Background: Positive youth development (PYD) models are effective in improving adolescent sexual health. Adolescent programs including peer educators, parents and the wider community also demonstrate effectiveness in improving sexual health outcomes. An innovative Positive Adolescent Sexual Health (PASH) Conference model has been introduced in Northern NSW, Australia. It is run by the North Coast PASH Consortium, which is based on a health promotion framework. It takes a positive and holistic approach to sexual health education, and incorporates peer educators, parents, community workers and teachers. This study provides an introductory evaluation of the PASH Conference and identifies areas for increased effectiveness. It is intended as an early piece of research to inform future evaluations and to provide introductory information for public health educators.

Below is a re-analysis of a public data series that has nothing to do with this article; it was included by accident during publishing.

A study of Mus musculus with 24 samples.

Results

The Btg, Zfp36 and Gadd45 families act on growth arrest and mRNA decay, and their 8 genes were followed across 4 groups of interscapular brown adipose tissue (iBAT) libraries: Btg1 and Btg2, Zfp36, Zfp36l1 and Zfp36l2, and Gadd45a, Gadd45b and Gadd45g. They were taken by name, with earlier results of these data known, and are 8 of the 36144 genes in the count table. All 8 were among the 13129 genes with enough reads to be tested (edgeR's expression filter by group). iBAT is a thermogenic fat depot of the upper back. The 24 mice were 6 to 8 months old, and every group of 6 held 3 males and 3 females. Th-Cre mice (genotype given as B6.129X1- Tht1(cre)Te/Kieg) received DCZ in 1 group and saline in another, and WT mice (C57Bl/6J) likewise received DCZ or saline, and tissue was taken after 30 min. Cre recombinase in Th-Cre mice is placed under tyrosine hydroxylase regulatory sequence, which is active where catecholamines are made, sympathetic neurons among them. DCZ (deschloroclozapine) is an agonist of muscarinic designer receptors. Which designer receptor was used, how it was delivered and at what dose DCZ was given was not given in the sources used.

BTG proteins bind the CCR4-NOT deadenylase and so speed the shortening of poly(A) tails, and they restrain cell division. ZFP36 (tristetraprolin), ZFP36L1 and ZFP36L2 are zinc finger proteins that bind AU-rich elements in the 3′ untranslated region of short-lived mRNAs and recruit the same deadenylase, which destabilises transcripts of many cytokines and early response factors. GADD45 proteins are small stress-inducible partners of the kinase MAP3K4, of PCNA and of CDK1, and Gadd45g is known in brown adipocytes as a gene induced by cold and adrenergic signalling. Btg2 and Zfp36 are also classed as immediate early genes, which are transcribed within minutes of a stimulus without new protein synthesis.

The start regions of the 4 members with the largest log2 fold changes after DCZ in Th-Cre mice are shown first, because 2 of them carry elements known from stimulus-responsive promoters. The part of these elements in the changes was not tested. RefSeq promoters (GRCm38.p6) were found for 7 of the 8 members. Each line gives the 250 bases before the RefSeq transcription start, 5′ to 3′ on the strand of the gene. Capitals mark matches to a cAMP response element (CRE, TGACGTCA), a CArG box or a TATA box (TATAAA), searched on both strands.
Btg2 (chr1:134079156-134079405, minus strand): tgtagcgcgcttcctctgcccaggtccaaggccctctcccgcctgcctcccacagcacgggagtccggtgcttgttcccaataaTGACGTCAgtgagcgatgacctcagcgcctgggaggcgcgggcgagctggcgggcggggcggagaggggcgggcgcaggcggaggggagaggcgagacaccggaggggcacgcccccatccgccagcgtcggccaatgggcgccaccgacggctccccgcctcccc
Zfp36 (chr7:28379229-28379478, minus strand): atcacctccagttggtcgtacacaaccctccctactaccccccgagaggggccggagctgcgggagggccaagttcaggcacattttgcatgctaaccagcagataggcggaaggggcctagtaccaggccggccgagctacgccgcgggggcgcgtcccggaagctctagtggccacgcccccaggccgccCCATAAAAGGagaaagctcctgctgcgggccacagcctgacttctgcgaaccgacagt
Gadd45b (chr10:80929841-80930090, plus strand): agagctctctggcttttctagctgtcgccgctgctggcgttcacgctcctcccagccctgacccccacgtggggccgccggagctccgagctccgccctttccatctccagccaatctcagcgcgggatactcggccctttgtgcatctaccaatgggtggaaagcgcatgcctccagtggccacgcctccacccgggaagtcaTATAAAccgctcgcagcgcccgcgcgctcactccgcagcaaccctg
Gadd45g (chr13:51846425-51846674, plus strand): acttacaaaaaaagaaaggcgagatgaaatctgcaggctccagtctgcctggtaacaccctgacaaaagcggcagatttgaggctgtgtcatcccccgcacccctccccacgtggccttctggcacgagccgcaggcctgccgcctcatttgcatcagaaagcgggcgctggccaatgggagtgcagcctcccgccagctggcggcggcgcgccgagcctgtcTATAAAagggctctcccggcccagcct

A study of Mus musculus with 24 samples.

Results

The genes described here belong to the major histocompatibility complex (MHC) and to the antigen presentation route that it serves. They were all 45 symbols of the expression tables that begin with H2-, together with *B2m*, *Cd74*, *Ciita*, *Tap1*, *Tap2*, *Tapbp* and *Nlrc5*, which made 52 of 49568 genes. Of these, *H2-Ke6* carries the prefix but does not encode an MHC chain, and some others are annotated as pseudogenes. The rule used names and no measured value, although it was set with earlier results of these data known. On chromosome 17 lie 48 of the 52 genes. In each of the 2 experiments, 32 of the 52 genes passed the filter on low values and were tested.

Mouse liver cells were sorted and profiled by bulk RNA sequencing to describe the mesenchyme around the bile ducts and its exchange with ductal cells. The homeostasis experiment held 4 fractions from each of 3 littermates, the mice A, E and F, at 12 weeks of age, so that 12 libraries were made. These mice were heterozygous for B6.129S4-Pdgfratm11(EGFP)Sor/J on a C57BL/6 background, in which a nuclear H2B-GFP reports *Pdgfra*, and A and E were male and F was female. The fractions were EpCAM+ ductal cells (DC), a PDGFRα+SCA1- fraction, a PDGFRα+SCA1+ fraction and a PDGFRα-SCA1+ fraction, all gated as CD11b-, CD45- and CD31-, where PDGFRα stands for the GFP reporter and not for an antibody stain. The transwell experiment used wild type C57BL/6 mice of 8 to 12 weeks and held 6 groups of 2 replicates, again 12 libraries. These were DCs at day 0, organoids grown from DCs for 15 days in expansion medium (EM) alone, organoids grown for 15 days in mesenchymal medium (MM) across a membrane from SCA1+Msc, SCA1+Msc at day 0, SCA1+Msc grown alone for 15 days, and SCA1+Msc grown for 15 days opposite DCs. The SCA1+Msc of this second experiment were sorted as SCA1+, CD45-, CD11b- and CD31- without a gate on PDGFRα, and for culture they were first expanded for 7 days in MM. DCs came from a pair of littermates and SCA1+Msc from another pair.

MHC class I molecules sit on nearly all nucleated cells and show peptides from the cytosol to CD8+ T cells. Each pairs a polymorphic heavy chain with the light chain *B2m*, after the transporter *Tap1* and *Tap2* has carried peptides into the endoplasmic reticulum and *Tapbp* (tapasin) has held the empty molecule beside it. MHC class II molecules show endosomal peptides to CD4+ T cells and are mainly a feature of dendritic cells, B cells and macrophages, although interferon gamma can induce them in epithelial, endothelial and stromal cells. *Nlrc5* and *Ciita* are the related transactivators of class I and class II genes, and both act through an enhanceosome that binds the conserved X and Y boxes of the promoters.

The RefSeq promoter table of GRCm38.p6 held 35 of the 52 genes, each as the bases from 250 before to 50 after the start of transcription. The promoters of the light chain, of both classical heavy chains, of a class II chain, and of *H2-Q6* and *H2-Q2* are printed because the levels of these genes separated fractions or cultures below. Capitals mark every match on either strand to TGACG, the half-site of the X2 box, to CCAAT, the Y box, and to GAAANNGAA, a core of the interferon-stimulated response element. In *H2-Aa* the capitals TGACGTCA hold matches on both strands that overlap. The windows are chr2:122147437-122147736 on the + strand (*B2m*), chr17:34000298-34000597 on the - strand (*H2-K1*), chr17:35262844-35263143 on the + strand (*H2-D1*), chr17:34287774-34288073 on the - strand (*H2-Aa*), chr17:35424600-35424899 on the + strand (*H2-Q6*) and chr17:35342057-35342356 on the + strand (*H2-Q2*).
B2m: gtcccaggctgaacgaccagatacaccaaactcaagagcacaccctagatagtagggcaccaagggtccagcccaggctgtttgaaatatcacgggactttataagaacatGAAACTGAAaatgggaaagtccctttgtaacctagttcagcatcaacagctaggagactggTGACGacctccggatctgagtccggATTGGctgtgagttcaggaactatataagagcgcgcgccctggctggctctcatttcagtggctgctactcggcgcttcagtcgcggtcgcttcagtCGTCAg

Methods: Data collection included semi-structured interviews with 13 key stakeholders of the PASH Conference. Interviews were recorded, transcribed verbatim and analysed using deductive thematic analysis.
Results: Subjects included 2 teachers, 2 parents, 2 youth conference workers, 2 organisers, 2 presenters and 3 Peer Educators engaging Peers (PEEPs). Stakeholders perceived that young people were engaged to strengthen their sexual health and wellbeing due to many factors. These followed 3 themes: a safe and open learning environment, empowerment of young people and involvement of the support system and broader community. Multiple recommendations were identified across 2 themes: changes to conference format and planning, and enhancing stakeholder engagement.
Discussion: The PASH Conference is a promising new youth development design promoting positive adolescent sexual health, which may provide a feasible model for public health educators to trial. Elements of the conference identified as engaging to youth align well with those in PYD research literature. This study provides an early piece of research to inform the design of future research on the PASH Conference including evaluation of behavioural outcomes. It provides introductory information to inform PASH Conference development to further increase its effectiveness.